Donald Stoker, Clausewitz: His Life and Work (Oxford University Press, 2014)
In 2000, Michael I. Handel brought out his long-awaited third edition of Masters of War. Professor Handel of course was the renowed Professor of Strategy at the US Naval War College. Handel achieved a milestone in how strategic theory had been thought of up to that point by showing the distinct simularities between the classic works of Clausewitz and the ancient Chinese Taoist sage Sun Tzu. Handel, however, did not limit his treatment to the two top classics, but dealt with Colbert, Jomini, Machiavelli, Mao, and Thucydides on war as well. His work is a joy for any strategic theorist to read. Even with the passage of time, there has been no comprehensive work on strategic theory that comes close to it, in my view.
It was with that background thought in mind that I eagerly anticipated reading what Professor Handel’s successor, Professor Donald Stoker, had to offer in his newly published work on Clausewitz.
Stoker’s work does provide interesting background on Carl von Clausewitz’s military career. Particularly noteworthy are details of his service during the campaigns of 1813 and 1814. Stoker does a good job in relating the frustrations Clausewitz experienced as a staff officer with the Russo-German Legion.
There are good biographies of Clausewitz in existence, and his life and times are subject of fascinating study by military historians, but what of Clausewitz the strategic theorist? While Stoker’s new volume is an interesting addition to this biographical canon, I find Stoker’s treatment of Clausewitzian strategic theory to be disappointing.
Since Handel, several significant works regarding Clausewitzian strategic theory have come out. These include Hugh Smith’s On Clausewitz of 2005, Antulio Echevarria’s Clausewitz and Contempory War of 2007, Andreas Herberg-Rothe’s Clausewitz’s Puzzle of 2007 (in English), and Jon Sumida’s Decoding Clausewitz of 2008. All rightly assume the existance of what I have described as a Clausewitzian general theory of war. Sumida’s is the only work here mentioned in the text by Stoker, with that limited to the comment that Sumida sees On War as being “more complete” (page 264) than Stoker seemingly does. No mention of Sumida’s extensive commentary on both the existance and applicability of the general theory is made at all.
It should be mentioned that Handel’s book devotes an entire appendix to the topic of the general theory including two diagrams to illustrate how the concepts form a highly coherent and adaptable whole, or Gestalt.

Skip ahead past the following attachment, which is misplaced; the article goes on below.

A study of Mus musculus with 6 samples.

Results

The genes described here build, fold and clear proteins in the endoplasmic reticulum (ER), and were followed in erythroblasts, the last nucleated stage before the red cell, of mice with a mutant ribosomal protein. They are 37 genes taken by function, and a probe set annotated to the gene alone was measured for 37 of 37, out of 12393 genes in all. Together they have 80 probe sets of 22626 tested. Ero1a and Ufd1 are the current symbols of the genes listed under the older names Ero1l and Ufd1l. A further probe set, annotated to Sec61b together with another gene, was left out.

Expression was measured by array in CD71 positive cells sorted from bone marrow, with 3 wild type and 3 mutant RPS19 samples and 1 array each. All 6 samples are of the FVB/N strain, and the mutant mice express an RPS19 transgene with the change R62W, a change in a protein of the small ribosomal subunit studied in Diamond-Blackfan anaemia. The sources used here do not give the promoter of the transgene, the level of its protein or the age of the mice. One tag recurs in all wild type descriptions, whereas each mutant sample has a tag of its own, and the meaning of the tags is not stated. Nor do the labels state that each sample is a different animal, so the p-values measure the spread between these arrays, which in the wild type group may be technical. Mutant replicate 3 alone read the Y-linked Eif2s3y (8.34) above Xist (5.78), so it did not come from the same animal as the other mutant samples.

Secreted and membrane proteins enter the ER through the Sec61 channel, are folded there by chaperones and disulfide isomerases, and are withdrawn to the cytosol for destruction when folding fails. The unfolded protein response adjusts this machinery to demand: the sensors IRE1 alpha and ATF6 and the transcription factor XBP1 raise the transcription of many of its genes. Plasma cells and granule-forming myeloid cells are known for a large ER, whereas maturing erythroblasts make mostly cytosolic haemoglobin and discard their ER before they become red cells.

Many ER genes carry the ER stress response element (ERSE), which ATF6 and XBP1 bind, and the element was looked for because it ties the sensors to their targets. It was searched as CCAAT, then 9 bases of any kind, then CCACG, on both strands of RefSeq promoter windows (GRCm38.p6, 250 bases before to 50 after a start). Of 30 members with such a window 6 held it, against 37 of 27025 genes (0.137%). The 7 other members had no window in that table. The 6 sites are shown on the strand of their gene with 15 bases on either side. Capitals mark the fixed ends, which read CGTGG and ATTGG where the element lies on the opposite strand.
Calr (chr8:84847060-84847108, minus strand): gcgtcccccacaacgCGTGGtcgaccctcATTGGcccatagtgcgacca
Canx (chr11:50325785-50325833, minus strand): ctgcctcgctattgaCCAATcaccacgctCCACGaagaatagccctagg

I assumed that Stoker would pretty much pick up where his predecessor left off, but this is not the case. Stoker never mentions a general theory at all, let alone that Clausewitz’s thought forms a coherent Gestalt. All we get are snipets: “a theoretical approach” is mentioned on pages 195-6, the “principle of continuity” on page 196, and the “culmination point” on page 192.
It is also interesting that Handel’s groundbreaking book is only mentioned in two footnotes at the end of Stoker’s book. Although the author does mention Handel himself in the acknowledgements, crediting him with providing his “first analytical introduction to Clausewitz’s work,” if this book is any indication, that introduction has not left much of an impression.
Why this glaring omission? On page 264, Stoker gives his explaination, “In reality, we simply don’t know how complete On War truly is, and this is a question that cannot be definitively answered because we know that Clausewitz never finished the book.”
So is it Stoker’s view that the fact that Clausewitz did not provide the final version of On War is a reason for dismissing the existance of the general theory?
If so, then he is radically at odds with Handel, who stated, “Even though Clausewitz never revised On War to his satisfaction, his disclaimers not withstanding, he did develop a coherent and systematic theory of war comprehensive enough to connect its diverse constituents into the desired whole.” Recall too that is the view shared by the other works regarding Clausewitzian strategic theory written since Handel wrote those words.
What we have here is simply a biography of Carl von Clausewitz focusing on his military service between 1792 and 1815. Given the writings in Clausewitzian strategic theory since Handel’s seminal work, it is difficult not to see Stoker’s contribution as at the least a glaring missed opportunity to contribute the next step to what has been written since 2000.